Shepherds

Luke 2:8-20

There have been shepherds since the beginning of things.  Or at least since the second generation.

Shepherd

A shepherd and his flock in a recreation of first-century Nazareth.

Abel was Adam’s son, according to Genesis 4.  He was a “keeper of sheep”… until his brother killed him, at least.  But the profession wouldn’t die with him; Abraham, Isaac, and Jacob all shared the role of tending sheep (remember Jacob’s foray into genetic manipulation in Genesis 30?).  Even Moses, after he runs away from his life in the Egyptian palace, takes on the role when he marries into his father-in-law’s flock (Exodus 3).

There are plenty of shepherds in the Bible, but the most noteworthy is a youngest son.  His first appearance – during Samuel’s search for a king – begins as an absence because he’s off tending his sheep (1 Samuel 16:11).  And again, when the Israelites are at war with the Philistines (and the mighty Goliath), this little boy is only sometimes there because he’s running back and forth, helping his dad with the flock.  After he throws his stones and takes his crown, he is given a new flock as King David:  “It is you who shall be shepherd of my people Israel, you who shall be ruler over all Israel” (2 Samuel 5:2).

Because people, like sheep, need a shepherd.

Moses knew this.  The Bible didn’t call him a shepherd of people, but he was.  A shepherd keeps a flock together, protects them from danger, and moves them where they need to go.  Moses did just that, for forty years, all through the wilderness.  Looking out at the Promised Land – and knowing he couldn’t enter it – he asks God to give the people a new leader:  “appoint someone over the congregation who shall go out before them and come in before them, who shall lead them out and bring them in, so that the congregation of the Lord may not be like sheep without a shepherd” (Numbers 27:17).

Sheep without a shepherd are in danger.  They will scatter, they will get lost, they will get hurt.  They will do themselves in without realizing they are doing themselves in.

And eventually this is what happens to Israel.  Not immediately following Moses – Joshua steps up to be their next shepherd.  But after King David, after King Solomon, after the tribes of Israel split into North and South – after all that – the prophet Micaiah has a vision of Israel and it’s not a good one:  “sheep that have no shepherd” (1 Kings 22:17).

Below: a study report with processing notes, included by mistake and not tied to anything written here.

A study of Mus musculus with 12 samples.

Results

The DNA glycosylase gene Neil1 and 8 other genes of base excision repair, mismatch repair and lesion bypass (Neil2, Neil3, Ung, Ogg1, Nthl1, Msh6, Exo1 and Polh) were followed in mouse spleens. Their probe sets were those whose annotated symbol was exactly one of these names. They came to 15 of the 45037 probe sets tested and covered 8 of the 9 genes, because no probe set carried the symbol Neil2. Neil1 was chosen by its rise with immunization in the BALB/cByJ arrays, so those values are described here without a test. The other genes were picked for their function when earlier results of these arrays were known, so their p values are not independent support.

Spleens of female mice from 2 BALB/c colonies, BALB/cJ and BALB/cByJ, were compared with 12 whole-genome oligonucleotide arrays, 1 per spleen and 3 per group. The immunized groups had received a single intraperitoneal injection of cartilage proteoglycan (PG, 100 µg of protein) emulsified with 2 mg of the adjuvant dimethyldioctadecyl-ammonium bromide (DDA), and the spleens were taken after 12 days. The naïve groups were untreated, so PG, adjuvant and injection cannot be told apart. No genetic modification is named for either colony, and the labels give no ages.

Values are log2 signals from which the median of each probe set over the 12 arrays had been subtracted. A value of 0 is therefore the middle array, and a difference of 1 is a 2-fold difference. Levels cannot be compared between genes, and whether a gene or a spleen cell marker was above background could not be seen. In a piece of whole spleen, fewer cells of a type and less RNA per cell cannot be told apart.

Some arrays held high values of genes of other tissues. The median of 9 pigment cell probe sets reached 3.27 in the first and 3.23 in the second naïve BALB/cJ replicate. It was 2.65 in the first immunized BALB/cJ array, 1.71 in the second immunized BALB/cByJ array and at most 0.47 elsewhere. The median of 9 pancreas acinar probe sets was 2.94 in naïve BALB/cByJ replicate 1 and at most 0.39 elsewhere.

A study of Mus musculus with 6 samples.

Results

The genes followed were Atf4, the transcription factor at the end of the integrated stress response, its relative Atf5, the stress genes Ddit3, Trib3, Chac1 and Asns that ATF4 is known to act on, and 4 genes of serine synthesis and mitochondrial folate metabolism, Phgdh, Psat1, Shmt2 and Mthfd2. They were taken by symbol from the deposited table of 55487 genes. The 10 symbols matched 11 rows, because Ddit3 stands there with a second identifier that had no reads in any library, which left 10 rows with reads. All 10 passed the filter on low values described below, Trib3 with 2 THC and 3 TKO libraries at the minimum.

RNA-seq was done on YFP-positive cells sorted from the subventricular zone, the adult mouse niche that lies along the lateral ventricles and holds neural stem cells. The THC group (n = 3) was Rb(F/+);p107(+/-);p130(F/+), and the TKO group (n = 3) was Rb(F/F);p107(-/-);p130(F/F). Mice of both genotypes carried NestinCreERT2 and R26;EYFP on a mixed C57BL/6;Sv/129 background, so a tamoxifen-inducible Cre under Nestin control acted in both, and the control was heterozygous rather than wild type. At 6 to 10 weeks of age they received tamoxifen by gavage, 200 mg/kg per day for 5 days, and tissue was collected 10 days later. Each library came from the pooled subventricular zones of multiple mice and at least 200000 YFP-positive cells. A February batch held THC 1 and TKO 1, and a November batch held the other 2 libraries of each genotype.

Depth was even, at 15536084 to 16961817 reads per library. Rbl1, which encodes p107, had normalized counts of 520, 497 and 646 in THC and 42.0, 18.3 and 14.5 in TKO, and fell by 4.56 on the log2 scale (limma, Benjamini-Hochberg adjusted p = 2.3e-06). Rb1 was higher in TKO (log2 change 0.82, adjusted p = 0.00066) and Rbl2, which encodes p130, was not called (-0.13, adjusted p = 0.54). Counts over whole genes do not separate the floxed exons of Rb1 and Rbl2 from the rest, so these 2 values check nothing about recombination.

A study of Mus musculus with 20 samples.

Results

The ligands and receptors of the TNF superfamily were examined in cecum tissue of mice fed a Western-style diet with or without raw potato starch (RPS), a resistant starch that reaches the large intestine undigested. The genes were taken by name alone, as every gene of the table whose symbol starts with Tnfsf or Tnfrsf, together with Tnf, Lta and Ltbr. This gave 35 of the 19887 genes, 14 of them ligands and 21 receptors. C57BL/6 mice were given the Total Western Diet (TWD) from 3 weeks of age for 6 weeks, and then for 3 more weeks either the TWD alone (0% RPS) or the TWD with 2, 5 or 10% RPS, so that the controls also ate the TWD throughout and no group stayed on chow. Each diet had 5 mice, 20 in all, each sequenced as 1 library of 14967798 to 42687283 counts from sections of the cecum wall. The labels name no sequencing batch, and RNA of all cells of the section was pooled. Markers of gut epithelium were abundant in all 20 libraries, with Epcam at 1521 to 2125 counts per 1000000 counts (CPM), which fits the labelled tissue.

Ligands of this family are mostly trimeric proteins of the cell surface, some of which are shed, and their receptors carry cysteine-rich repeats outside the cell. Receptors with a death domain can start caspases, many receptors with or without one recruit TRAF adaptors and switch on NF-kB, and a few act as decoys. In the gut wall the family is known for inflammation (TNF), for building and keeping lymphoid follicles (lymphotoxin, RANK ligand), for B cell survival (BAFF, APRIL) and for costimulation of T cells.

But there’s hope.

Hope that after the Israelites are defeated and kicked out, one day they will have “shepherds over them who will shepherd them, and they shall not fear any longer, or be dismayed, nor shall any be missing” (Jeremiah 23:4).  Hope for maybe one in particular who will “feed his flock like a shepherd; he will gather the lambs in his arms, and carry them in his bosom, and gently lead the mother sheep” (Isaiah 40:11).

As long as there have been sheep, it seems, there have been shepherds.  And as long as there have been people, we have been looking for a good shepherd.

Then comes a baby.

You know all about this baby because today is December 27th.  You know about the birth we celebrated on Friday, a divinely-conceived but strangely humble birth surrounded by straw and animals…

…and shepherds.

Luke tells us that the shepherds are the first one to get the news that Jesus is born – not Mary’s cousin, Elizabeth, not King Herod in his palace, not the Pharisees in the Temple, but some nearby shepherds.  Much like King David, they don’t start out where the action is because they’re doing their jobs, out in the fields keeping an eye on their sheep.

The angel tells them the good news, and they believe it.  They go rushing into town – “let’s go now to Bethlehem!”  A group of shepherds go looking for a child lying in a manger “in haste,” rushing around the small town in the middle of the night.  And then they find him, and there’s this moment.

My mind’s eye can easily see the new parents startled by their unexpected and rough guests (“How did they know?”).  But the shepherds are so excited that Mary and Joseph can’t help but smile and invite them to come and look.  And sure enough there’s the baby, Jesus the Christ, lying in a manger.  And these shepherds gather around him, wide-eyed and amazed; even though they believed the angel, it’s amazing to see that it’s true – a baby in a manger!  They lean over and look at him in that hands-off way of men who can appreciate the cuteness of a baby but have never held one themselves.  They look at him, and maybe Jesus Christ is able to open his eyes for a moment to look back at them.

Shepherds looking at The Shepherd.

This baby is the one; not a shepherd but the shepherd.  “I am the good shepherd,” he’d later say (John 10:11).  I’m the one who doesn’t just keep you together and protect you and move you around from time to time.  When the wolf comes, I don’t run; I’ll die for you.

“I am the good shepherd.”

There have been shepherds since the very beginning it seems.  Sheep, by nature, need someone to keep them together and protect them and show them where to go.

People need a shepherd, too.  Oh sure – we’re all tough and independent, we can do it by ourselves… until we’re scared, or lost, or in danger.  Then we remember that we do need a shepherd – a good shepherd.

Today we celebrate the moment when that Shepherd took flesh and – for thirty or so years – walked around among us.  Today we celebrate that Jesus Christ was born, and we remember his life lived and given to bring us together and protect us and show us how to live and where to go.

Today we also celebrate that our Good Shepherd is tending his sheep still.  He isn’t a man walking among us today, but he has left us the Holy Spirit to bind us together and protect us and guide us.  We are one flock, with one shepherd who loved us so much that he laid down his life for us.